Artificial Sweeteners

  • Author:
    Betty Kovacs, MS, RD

    Betty is a Registered Dietitian who earned her B.S. degree in Food and Nutrition from Marymount College of Fordham University and her M.S. degree in Clinical Nutrition from New York University. She is the Co-Director and Director of nutrition for the New York Obesity Research Center Weight Loss Program.

  • Medical Editor: William C. Shiel Jr., MD, FACP, FACR
    William C. Shiel Jr., MD, FACP, FACR

    William C. Shiel Jr., MD, FACP, FACR

    Dr. Shiel received a Bachelor of Science degree with honors from the University of Notre Dame. There he was involved in research in radiation biology and received the Huisking Scholarship. After graduating from St. Louis University School of Medicine, he completed his Internal Medicine residency and Rheumatology fellowship at the University of California, Irvine. He is board-certified in Internal Medicine and Rheumatology.


It can be difficult to determine if there will be any long-term health problems if you consume artificial sweeteners during pregnancy or during childhood. None of the manufacturers say that you can't consume them, but none of them have long-term studies that prove that it is safe to do so.

Pregnancy is a time when every bite and sip that a woman takes really matters. There have been studies in rats that show when life span exposure to artificial sweeteners begins during fetal life, its carcinogenic effects are increased. The Danish National Birth Cohort is a study of 59,334 women conducted from 1996 to 2002. They found that daily intake of artificially sweetened soft drinks may increase preterm delivery.

There are numerous studies that show the negative health consequences of diets high in sugar for children. Many measures are being taken to help decrease the amount of sugar that children consume. This means that many people are turning to artificially sweetened foods and beverages for a child's sweet tooth. Unfortunately, there are no studies on the effects of these sweeteners and possible long-term consequences of children consuming them.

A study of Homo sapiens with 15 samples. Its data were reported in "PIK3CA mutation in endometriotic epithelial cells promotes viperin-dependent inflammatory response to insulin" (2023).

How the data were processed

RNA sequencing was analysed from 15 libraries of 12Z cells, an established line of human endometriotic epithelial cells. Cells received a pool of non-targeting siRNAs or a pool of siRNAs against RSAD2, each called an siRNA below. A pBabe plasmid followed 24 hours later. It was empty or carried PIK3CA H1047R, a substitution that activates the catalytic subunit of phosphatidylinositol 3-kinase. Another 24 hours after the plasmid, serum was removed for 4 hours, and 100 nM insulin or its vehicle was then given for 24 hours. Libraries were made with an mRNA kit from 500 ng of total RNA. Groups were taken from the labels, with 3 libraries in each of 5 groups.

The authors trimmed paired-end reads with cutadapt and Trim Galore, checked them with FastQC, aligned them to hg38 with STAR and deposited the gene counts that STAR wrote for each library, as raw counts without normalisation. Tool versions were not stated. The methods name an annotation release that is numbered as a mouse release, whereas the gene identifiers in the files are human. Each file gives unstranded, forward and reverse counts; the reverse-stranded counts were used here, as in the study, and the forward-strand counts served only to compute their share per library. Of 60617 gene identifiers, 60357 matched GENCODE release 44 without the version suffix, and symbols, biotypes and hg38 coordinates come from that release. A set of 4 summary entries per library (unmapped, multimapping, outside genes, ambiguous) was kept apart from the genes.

When possible, it's best for pregnant women and children to avoid artificial sweeteners. If they are used, they should be used in moderation. It's always important to weigh the overall health benefits when choosing foods and beverages. Consult your doctor if you have any questions or concerns about this.

Is it safe to blend artificial sweeteners?

Many people have a preference for a specific sweetener without realizing that numerous products now contain combinations of nutritive and/or nonnutritive sweeteners. The following are three key advantages for these sweetener blends:

  • Taste: The major limitation to the use of saccharin is its bitter aftertaste. Combining saccharin with other sweeteners helps alleviate this problem.
  • Cost: Using combinations of nonnutritive sweeteners can result in a sweeter taste with less sweeteners, saving companies money.
  • Flexibility: The ability to combine nonnutritive and nutritive sweeteners can offer people low-calorie choices, along with the no-calorie ones.

The blending of sweeteners is presenting a whole new set of problems. Research has not been done, and is not required to be done, on combinations of sweeteners. There is no way to know what happens to the chemicals once they are combined in the products or how they are processed in our bodies in that combination. This is an unnecessary risk that is being taken. The proper procedure would be to require thorough, credible studies on the safety of these combinations before allowing them into our food and medicine. While it would take time and money to conduct these tests, it's clearly a case where it's better to be safe than sorry.